Holiday concert at First Parish in Bedford, MA.

New congregations within the Unitarian Universalist (UU) movement are those that are in the early stages of development. Emerging Congregations are new congregations that have been recognized by their region or district of the Unitarian Universalist Association (UUA) as "emerging" and are actively working toward becoming a member congregation of the UUA.

Getting Started

Starting a congregation is both a grand adventure and a huge amount of work. It takes a great deal of faith, determination, and willingness to improvise as much as is needed to get a congregation off the ground. Many resources need to be adapted to fit with the unique circumstance of each new congregation. The best help with this adaptation is a person who can see your group objectively and who also cares that it grows healthily. You are strongly encouraged to find coaches to assist you with adaptation and improvising of existing resources. Coaches can come either from the district or from a neighboring congregation, or both. This will help ground your congregation in a more widely-shared Unitarian Universalist reality, as well as save you from“reinventing the wheel” by using the experience of dedicated others.

Shared Vision

Congregations come into being through the visions of many people. Those who start UU congregations must share their visions with others and—as the congregation grows—be willing to expand their visions to include the visions of those who may not be just like them, or think the same way, but who also care deeply that the UU congregation comes to life in their community. These will be the congregation's charter, or founding, members. The process will vary in each case, from congregation to congregation, but some key elements will be similar. Your Congregational Life emerging ministries coach can help guide your journey.

How your Congregational Life Staff Can Assist

Early on in their development, new congregations—or those few individuals who plan to start one—need to contact the appropriate regional  office. The regional office has UUA staff members who can help with advice, funding options, planning, support, partner congregations, coaches, and more. A congregation cannot become a member congregation of the Unitarian Universalist Association without the support of the region. It is a necessary part of the process of applying for membership.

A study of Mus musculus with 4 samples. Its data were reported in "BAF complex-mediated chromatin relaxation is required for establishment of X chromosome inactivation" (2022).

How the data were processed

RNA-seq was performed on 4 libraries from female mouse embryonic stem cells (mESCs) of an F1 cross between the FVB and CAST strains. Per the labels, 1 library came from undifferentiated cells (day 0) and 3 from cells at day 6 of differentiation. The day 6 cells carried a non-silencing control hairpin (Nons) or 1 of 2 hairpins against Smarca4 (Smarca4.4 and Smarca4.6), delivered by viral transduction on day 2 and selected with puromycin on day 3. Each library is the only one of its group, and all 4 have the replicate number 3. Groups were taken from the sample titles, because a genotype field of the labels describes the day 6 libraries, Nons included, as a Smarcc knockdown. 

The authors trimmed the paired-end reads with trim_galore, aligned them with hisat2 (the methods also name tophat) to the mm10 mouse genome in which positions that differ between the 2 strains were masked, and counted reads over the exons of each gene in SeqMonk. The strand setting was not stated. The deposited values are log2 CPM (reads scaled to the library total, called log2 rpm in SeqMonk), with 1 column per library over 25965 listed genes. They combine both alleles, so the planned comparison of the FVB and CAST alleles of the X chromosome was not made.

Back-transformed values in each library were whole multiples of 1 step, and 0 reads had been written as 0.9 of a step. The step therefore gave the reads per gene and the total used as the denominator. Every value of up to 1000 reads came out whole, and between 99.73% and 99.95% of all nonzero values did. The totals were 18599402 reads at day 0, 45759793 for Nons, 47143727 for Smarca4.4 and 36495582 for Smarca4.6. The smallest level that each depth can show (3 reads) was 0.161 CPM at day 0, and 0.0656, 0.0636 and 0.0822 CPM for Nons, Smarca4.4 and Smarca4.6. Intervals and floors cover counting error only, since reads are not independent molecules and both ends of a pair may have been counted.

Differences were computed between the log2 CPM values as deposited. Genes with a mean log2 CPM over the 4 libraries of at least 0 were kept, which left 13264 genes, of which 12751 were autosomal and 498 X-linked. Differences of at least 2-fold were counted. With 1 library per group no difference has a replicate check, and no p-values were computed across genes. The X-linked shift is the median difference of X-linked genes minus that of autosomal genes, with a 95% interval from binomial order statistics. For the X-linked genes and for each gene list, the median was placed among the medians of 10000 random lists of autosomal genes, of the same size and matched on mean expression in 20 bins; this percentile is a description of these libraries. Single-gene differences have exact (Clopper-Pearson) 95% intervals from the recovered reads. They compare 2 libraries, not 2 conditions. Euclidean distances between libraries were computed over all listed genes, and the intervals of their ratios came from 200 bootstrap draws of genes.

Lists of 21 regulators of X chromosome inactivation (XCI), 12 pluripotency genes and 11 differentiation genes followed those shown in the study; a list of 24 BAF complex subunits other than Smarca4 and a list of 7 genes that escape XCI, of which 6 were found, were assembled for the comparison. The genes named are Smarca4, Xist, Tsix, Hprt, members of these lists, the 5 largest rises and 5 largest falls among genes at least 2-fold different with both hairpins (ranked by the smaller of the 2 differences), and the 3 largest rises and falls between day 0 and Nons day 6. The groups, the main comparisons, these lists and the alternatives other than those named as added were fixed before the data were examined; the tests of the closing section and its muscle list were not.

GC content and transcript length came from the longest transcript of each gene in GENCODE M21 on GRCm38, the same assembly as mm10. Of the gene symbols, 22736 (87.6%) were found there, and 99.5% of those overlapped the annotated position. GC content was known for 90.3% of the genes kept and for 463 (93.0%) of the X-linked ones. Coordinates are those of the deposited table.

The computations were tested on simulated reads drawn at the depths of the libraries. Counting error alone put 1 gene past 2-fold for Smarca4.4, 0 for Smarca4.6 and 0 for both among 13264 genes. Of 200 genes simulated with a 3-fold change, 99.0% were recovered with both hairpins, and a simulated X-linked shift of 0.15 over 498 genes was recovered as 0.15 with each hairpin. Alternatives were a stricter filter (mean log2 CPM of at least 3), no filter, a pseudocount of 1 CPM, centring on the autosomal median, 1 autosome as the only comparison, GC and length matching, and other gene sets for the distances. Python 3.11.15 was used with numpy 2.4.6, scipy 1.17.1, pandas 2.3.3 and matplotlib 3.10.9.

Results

Processes of Growth

New and emerging congregations will grow through engaging in a variety of activities. Feeling excitement along with a little anxiety about this enterprise is both normal and necessary. Generating contagious excitement about the congregation among your core planning group and among new people is vital. A new congregation is, in some ways, like a new business and requires a lot of energy and time in order to come to life. Talk with your congregation's coach, or someone who has started a new congregation, about the early stages of growth.

The early process of starting up is important and it can be helpful to talk with someone else who has been through it. Your district staff can refer you to someone who can give their experience in starting a congregation.

Somewhere between 9 and 18 months into the start-up, when the congregation has gathered and held its first public worship service and maybe even held its charter service, it will begin to determine what ministries, or programs, to offer to the public and its membership. New congregations that want to grow and serve their community will be vibrant and relevant. The new religious community will be making connections with what is happening in the circles of community surrounding it. Being connected to and involved in your community is a proven path to growth.

Here are some starting points for new and emerging congregations that have reached the stage of wishing to develop ministries . Also, provided along with resources, is contact information of UU program specialists to encourage discussions on implementing these programs. Make use of the specialists’ coaching, in areas the congregation wants to cultivate, in preparation for offering these ministries to members and the public.